It used to be that if you weren’t at home or work, your voice on an answering machine was the closest people could come to talking to you.
Cellular phones, however, have drastically changed the communications landscape, turning airport layovers into business opportunities, solo trips to the store into collaborative shopping efforts.
“The major reason for studying mobile telephone networks has to do with increasing our understanding of social networks and their importance in society,” says David Hachen, associate professor of sociology. “Communication networks are one of the most important types of social networks.”
Hachen has teamed with Notre Dame faculty members Albert-László Barabási (Physics) and Gregory Madey (Computer Science and Engineering) to work on a project known as WIPER, which is supported by a three-year grant from the National Science Foundation.
WIPER’s main goal is to develop a response system that identifies emergencies by detecting anomalies in cell phone usage. The idea is that a sudden, significant deviation from normal calling patterns concentrated in a particular location would indicate something out of the ordinary was happening there.
So how do you figure out what constitutes “normal”?
You study the habits of over seven million people.
“This is a very rare, very extensive, very complicated, and very confidential data set that allows us to map out social networks in a way that has never been done before,” says Hachen, a co-principal investigator on the project.
Through an agreement with a cellular phone provider, the team has access to information such as the number of times subscribers call or receive a call from someone, how long their calls last, text message usage, and when and where each call is made.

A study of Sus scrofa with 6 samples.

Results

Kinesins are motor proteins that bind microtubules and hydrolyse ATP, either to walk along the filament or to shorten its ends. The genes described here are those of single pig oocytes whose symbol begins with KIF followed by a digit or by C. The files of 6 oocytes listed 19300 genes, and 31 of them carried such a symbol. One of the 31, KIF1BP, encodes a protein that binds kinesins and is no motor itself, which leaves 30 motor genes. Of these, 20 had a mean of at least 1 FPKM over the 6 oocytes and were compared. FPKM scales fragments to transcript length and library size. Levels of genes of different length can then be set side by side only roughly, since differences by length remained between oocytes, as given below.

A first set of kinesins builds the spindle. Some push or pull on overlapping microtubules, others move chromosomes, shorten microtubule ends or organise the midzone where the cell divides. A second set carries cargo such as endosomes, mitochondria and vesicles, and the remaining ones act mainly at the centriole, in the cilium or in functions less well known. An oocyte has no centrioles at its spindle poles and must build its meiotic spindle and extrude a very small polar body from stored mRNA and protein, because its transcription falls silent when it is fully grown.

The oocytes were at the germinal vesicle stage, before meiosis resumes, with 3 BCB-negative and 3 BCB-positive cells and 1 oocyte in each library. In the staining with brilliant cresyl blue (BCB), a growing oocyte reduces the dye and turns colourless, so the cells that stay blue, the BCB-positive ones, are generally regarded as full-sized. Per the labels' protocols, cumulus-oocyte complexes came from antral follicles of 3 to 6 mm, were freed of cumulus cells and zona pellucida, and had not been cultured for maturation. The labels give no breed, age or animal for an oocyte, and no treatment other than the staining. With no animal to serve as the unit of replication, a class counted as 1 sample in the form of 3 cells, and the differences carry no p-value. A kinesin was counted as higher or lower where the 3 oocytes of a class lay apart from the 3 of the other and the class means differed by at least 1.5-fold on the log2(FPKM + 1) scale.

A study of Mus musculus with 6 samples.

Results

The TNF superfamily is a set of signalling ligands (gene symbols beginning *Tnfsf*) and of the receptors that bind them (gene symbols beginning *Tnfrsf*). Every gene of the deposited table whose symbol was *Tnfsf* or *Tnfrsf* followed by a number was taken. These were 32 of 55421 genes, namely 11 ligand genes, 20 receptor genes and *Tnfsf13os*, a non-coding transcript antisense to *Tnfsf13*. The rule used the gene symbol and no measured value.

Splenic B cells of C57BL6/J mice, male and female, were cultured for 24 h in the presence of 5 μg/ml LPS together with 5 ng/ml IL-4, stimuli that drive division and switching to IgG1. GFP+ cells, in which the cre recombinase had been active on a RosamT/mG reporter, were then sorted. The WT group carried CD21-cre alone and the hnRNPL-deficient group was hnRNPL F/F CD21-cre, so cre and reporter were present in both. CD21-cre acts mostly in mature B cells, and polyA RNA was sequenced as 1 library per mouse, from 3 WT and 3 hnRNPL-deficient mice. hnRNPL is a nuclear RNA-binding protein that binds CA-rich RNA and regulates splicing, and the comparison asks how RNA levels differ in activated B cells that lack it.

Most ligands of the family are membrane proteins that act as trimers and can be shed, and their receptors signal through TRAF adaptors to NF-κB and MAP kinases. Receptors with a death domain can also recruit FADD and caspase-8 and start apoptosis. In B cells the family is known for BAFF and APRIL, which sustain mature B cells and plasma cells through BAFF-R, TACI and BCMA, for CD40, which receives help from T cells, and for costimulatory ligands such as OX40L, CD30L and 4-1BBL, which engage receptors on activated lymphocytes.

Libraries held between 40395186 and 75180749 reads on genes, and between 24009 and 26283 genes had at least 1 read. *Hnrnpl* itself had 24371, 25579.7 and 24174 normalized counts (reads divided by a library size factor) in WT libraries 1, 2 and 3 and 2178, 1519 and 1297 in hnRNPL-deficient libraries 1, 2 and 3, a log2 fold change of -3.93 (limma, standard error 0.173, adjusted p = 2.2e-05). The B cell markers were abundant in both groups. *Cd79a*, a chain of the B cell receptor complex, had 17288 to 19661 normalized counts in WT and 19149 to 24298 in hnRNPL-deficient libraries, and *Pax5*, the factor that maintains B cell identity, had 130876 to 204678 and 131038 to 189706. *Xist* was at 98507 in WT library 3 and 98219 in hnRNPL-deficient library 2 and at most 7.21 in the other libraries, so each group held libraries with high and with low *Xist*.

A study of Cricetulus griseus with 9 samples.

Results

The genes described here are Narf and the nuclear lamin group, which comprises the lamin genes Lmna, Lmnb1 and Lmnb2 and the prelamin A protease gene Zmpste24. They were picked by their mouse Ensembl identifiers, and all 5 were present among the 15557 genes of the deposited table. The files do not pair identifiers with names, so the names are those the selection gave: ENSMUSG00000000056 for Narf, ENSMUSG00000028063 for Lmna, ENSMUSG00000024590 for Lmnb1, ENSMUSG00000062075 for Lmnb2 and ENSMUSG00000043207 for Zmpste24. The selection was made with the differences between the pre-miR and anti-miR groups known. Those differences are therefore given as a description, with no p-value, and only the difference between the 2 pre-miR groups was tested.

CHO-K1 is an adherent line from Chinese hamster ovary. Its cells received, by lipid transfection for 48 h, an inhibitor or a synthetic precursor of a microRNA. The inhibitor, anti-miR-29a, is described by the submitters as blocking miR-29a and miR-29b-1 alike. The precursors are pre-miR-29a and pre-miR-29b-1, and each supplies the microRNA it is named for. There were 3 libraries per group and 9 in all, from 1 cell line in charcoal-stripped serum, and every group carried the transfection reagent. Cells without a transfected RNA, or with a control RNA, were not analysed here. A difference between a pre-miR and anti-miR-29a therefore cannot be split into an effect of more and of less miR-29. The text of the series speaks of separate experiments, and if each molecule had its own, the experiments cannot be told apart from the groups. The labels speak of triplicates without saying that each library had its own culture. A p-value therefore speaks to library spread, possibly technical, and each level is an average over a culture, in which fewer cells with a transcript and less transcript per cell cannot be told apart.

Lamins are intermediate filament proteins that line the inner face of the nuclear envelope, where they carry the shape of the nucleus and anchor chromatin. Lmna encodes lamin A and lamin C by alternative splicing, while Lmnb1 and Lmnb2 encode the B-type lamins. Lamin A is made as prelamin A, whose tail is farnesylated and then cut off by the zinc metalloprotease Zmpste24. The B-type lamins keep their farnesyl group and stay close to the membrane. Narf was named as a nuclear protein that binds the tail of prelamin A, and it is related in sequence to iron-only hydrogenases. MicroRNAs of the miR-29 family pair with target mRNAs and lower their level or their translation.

Making these records available raises inherent security concerns, meaning Hachen and his colleagues must take numerous precautions in their work.
They cannot disclose the cell phone provider or the country from which they are pulling the data. Every phone number is encrypted, and Hachen stresses that they know very little about the callers themselves—only basic demographic characteristics like age, sex, and contract type—and nothing about the content or purpose of any call or message.
His current work focuses on the amount of time different groups of people spend speaking on their cell phones. Preliminary findings indicate that women talk more than men, even though men have slightly larger networks of people with whom they communicate. The number of people a person talks to tends to decline with age, but the frequency of their conversations increases.
“The data we have are ‘real’ data, not people’s reports of what they did, but actual records of what they did,” Hachen says. “The science of networks has been rapidly developing in the last decade, and these data can help us answer important questions about how networks operate.”